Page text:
Thursday, 17 December 2020
Ceisteanna ó Cheannairí - Leaders' Questions
On behalf of the Social Democrats, I wish the Ceann Comhairle, all Members and all Oireachtas staff a happy and restful Christmas. It has been a rough year for everybody and that includes everybody associated with the Houses of the Oireachtas. Let us hope for better times in 2021.
I raise with the Tánaiste an interview Mr. Paul Reid did on the "This Week" programme last Sunday. He was asked about a contract worth €14 million that the HSE had entered into for ventilators. It seems there were serious problems with that purchase. As I understand it, the ventilators have never been used in a clinical setting. There were quality issues about the ventilators in question. That raises a large number of issues. I fully accept that this was a pressurised period. Everybody was stressed about the situation and there was a rush to get medical equipment. It raises questions, however, about procurement and financial controls, and those are important at any time.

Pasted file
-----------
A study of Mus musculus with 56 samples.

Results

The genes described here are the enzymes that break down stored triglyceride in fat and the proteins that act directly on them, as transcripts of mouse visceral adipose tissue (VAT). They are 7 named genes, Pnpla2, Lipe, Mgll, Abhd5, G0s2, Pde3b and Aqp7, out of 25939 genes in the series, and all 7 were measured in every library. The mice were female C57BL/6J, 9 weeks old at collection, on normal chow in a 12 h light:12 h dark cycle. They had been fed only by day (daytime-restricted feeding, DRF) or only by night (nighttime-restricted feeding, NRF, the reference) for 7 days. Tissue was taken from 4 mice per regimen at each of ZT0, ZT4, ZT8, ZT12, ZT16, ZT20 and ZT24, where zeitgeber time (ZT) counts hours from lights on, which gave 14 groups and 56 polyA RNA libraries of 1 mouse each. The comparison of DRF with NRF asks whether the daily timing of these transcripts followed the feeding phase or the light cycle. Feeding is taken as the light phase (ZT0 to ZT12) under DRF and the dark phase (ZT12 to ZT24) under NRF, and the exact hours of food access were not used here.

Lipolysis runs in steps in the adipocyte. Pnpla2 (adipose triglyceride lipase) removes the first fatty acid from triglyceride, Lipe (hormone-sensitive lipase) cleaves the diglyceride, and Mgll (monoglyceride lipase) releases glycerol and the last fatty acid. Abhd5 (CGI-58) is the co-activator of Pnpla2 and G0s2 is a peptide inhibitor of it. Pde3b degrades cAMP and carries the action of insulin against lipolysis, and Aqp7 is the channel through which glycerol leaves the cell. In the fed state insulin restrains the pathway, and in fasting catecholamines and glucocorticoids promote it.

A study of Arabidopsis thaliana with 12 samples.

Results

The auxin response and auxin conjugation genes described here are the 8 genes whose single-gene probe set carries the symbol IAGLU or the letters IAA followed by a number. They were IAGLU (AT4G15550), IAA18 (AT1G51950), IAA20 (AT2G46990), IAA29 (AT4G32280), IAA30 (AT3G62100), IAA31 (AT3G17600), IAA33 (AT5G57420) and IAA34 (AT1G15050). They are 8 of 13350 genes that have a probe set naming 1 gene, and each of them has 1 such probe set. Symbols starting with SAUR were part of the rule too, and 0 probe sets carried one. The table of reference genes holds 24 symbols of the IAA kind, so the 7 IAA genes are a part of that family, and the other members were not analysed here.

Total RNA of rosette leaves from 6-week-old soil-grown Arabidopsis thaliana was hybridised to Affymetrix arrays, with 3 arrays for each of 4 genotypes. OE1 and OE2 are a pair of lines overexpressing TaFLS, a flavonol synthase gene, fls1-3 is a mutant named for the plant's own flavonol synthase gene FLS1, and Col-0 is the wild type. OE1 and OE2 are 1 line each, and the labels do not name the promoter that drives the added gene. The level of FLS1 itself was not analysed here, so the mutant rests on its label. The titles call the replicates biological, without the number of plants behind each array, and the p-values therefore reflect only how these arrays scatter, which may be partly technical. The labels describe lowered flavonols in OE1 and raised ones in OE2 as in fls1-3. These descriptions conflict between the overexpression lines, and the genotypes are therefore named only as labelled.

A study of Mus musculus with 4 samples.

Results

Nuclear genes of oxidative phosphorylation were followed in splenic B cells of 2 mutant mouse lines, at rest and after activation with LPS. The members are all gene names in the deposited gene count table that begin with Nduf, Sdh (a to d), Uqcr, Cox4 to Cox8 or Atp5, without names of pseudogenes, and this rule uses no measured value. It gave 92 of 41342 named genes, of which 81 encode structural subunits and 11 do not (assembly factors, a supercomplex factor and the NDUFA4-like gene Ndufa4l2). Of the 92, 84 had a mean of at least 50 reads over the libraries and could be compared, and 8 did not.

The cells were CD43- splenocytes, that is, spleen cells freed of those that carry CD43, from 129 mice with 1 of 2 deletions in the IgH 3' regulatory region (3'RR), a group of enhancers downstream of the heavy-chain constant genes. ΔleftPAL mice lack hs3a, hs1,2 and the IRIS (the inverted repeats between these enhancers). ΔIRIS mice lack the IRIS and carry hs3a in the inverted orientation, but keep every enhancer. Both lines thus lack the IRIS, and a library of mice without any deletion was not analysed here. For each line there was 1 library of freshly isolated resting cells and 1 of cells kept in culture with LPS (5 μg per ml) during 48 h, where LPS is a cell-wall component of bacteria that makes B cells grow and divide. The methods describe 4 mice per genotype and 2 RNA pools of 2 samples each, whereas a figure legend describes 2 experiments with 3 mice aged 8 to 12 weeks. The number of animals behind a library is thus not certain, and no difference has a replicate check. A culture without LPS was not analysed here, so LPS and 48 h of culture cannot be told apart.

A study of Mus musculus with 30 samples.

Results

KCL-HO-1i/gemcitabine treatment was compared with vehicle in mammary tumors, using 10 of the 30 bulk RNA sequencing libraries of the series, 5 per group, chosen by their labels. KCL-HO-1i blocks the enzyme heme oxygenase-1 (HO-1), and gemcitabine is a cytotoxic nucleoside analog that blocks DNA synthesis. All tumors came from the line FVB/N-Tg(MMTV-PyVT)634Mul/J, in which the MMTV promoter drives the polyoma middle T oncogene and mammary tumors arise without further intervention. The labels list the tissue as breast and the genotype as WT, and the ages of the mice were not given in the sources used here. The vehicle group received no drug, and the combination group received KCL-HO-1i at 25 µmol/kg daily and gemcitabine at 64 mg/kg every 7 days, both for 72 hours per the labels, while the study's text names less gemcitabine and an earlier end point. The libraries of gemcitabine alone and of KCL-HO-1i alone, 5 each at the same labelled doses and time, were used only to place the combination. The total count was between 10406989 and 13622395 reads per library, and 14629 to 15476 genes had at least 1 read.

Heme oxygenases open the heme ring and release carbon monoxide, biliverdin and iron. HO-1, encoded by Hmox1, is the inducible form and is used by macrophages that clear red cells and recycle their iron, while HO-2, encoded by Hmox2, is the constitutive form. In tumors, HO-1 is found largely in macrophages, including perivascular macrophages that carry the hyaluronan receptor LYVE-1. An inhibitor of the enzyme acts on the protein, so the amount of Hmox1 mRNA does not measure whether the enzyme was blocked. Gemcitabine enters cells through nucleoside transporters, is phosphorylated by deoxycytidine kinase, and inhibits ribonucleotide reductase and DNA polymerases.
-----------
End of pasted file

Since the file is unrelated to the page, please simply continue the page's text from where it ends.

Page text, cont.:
One must wonder how this contract came to be placed. It was placed with a company called Roqu, which had previously only been known for event management and organising festivals in the Middle East. It had a residential apartment address in Dublin city centre and one employee, who was the owner of the company, Mr. Robert Quirke. How much does the Tánaiste know about the awarding of this contract, which resulted in the taxpayer being caught for huge figure of €14 million? What does he know about contacts between the owner of the company, Mr. Quirke, and the HSE? Who contacted whom? Was there any contact regarding this with either the then Minister for Health, the Tánaiste, who was Taoiseach at the time, or anybody else at a political level? How did it come about that contact was made and then the subsequent order was placed? There are serious concerns about this and how it came about. What approvals were required? Were political approvals required for placing that order? I would appreciate if the Tánaiste could answer those questions. We know that a subsidiary of the company in question, another Roqu company, went on to do the testing in County Roscommon and was also involved in developing the health passport app. One wonders how these contracts were awarded to a company with no history and, apparently, no expertise in the health products area.